In her new memoir, literary agency secretary recalls working with J.D. Salinger
06/15/2014 12:00 AM
06/16/2014 11:26 AM
The six words sounded ominous, as if a budding psychopath was poised to bloom: “We need to talk about Jerry,” Joanna Rakoff’s boss told her on her first day of work. But “Jerry” was no fly-wing-pulling kid; he was J.D. Salinger, the fabled author of The Catcher in the Rye. In 1996, the year in which her memoir is set, Rakoff was the secretary to Phyllis Westberg, the CEO of Harold Ober Associates (Westberg and the company are discreetly left unnamed), an old-school Manhattan literary agency that represented Salinger, a demanding old man with an obsessive need for privacy and control.
My Salinger Year is Rakoff’s story, however; a witty and lighthearted bildungsroman that follows our well-meaning but naïve young heroine as she tries to make it in the big city. Professional and romantic missteps inevitably ensue, culminating in a satisfying moment of self-revelation that augurs well for her future. This narrative arc is well-trodden ground, but execution eclipses familiarity.
Rakoff’s voice is so warm and inviting, her style so fluid and compact, that you will overlook the sense of déjà vu. At first, Rakoff dismisses Salinger’s books, which she has never read. She considers him “insufferably cute, aggressively quirky, precious.” But when she finally gets around to immersing herself in his fiction, she is quite moved.
There is nothing superficial about him; he is “brutal and funny and precise.” At last she understands why he has such an ardent fan base. One of Rakoff’s duties at the agency is to reply to them. Letters pile up from around the world; some are deranged (let us not forget that John Lennon’s killer identified with Holden Caulfield), but most just want to express their gratitude.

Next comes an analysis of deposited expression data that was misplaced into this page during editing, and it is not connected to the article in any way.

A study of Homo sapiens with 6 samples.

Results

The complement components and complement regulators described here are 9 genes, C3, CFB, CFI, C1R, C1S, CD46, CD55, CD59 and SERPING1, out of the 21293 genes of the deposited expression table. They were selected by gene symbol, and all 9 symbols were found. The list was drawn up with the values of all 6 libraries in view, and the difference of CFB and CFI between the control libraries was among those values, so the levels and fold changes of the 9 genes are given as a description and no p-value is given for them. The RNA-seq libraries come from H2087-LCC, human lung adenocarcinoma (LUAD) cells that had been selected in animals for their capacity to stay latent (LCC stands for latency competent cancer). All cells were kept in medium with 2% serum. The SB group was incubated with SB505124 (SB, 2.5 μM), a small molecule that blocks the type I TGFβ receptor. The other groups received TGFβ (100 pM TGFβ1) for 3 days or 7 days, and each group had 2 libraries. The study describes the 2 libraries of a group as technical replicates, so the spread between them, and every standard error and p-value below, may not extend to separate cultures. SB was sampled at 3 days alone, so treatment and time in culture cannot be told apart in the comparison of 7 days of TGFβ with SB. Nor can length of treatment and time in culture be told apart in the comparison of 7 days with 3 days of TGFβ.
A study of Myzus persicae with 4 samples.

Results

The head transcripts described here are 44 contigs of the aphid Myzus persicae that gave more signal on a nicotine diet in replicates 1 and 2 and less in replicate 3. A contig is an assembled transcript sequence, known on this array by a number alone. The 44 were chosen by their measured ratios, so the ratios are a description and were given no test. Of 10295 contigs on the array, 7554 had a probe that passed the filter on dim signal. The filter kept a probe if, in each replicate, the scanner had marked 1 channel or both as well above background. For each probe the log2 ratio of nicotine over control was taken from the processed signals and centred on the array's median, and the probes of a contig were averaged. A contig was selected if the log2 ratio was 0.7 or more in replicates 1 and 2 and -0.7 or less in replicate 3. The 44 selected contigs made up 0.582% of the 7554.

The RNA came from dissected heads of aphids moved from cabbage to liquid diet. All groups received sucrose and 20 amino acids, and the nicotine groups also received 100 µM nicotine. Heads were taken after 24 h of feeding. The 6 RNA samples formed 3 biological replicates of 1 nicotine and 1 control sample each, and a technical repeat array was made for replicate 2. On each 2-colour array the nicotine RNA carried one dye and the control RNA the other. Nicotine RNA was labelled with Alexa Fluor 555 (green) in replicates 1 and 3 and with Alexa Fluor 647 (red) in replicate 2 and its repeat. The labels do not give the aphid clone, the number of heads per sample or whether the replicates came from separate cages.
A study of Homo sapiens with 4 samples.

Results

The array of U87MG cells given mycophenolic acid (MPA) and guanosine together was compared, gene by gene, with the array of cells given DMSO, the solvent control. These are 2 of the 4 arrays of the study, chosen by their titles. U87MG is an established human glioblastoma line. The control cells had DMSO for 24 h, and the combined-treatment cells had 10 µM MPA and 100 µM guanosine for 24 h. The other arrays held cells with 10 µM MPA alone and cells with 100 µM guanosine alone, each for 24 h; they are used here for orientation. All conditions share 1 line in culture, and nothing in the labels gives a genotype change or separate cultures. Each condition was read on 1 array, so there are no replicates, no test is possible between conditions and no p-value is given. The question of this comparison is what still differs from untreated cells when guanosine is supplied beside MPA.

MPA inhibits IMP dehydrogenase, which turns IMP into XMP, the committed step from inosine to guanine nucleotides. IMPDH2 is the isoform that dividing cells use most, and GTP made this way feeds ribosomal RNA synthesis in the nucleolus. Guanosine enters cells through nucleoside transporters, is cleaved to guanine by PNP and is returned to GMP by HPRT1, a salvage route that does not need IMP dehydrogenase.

Salinger’s last story appeared in The New Yorker in 1965. A poorly crafted exercise in self-indulgence, it is described by one of Rakoff’s co-workers as “a sixty-page letter home from camp.” But her boss is shocked when Salinger wants a small press to publish it in book form. We know this will turn out badly. Like his character, Seymour Glass, who has scars on his hands from touching people, Salinger is impossibly thin-skinned. One wrong word, and you’re dead to him.
This sets off a chain of events that will lead to Rakoff meeting Salinger in the flesh. Until then, they had communicated only by phone. He seems pleasant enough, almost childlike, in fact. Rakoff is aware of the controversies surrounding him, including accusations of negligent parenting and sexual predatory behavior, but she doesn’t delve into them. Despite his uncompromising nature, Rakoff portrays Salinger as strangely vulnerable, like the agency that serves him.
The book is a hilarious account of a business run by dinosaurs. The agency has no computers. Rakoff types on a Selectric and operates a Dictaphone with foot pedals, as if she were Rose Mary Woods erasing a Watergate tape. “As with so many tools of efficiency from the 1950s and 1960s, it looked both charmingly archaic and spookily futuristic.” When pressure mounts on Rakoff’s boss to join the modern age, she reluctantly relents. She agrees to a single computer — “the office computer,” she calls it — that must be shared with everybody. But no one can use it without her permission. “I don’t want people on the World Wide Web all day, doing what they do,” she says insinuatingly.
At home Rakoff has to deal with her live-in lover, Don, a Marxist deadbeat that she latched onto after dumping her college boyfriend. Don is obviously wrong for her, but alas, she doesn’t accept this reality right away. Meanwhile we are entertained by his colossal self-centeredness and pretentiousness.
Rakoff’s father, a stand-up comic-turned-dentist, will also leave heads shaking. He reveals to her that she owes thousands of dollars in student loans that he had taken out for her by forging her signature. A less dutiful daughter would have called the cops. But from then on she is suspicious when she visits them.
“What might my parents spring on me this time? A preschool bill? Back pay for my childhood nanny?”
There is a happy ending, of sorts. Rakoff escapes from the stultifying security of the agency and devotes herself to her own writing. She married, had children and published a well-received novel. The marriage eventually collapsed, but she got a second chance with her college boyfriend, a man with apparently bottomless reserves of patience and forgiveness. Salinger would have approved.
Ariel Gonzalez teaches English at Miami Dade College.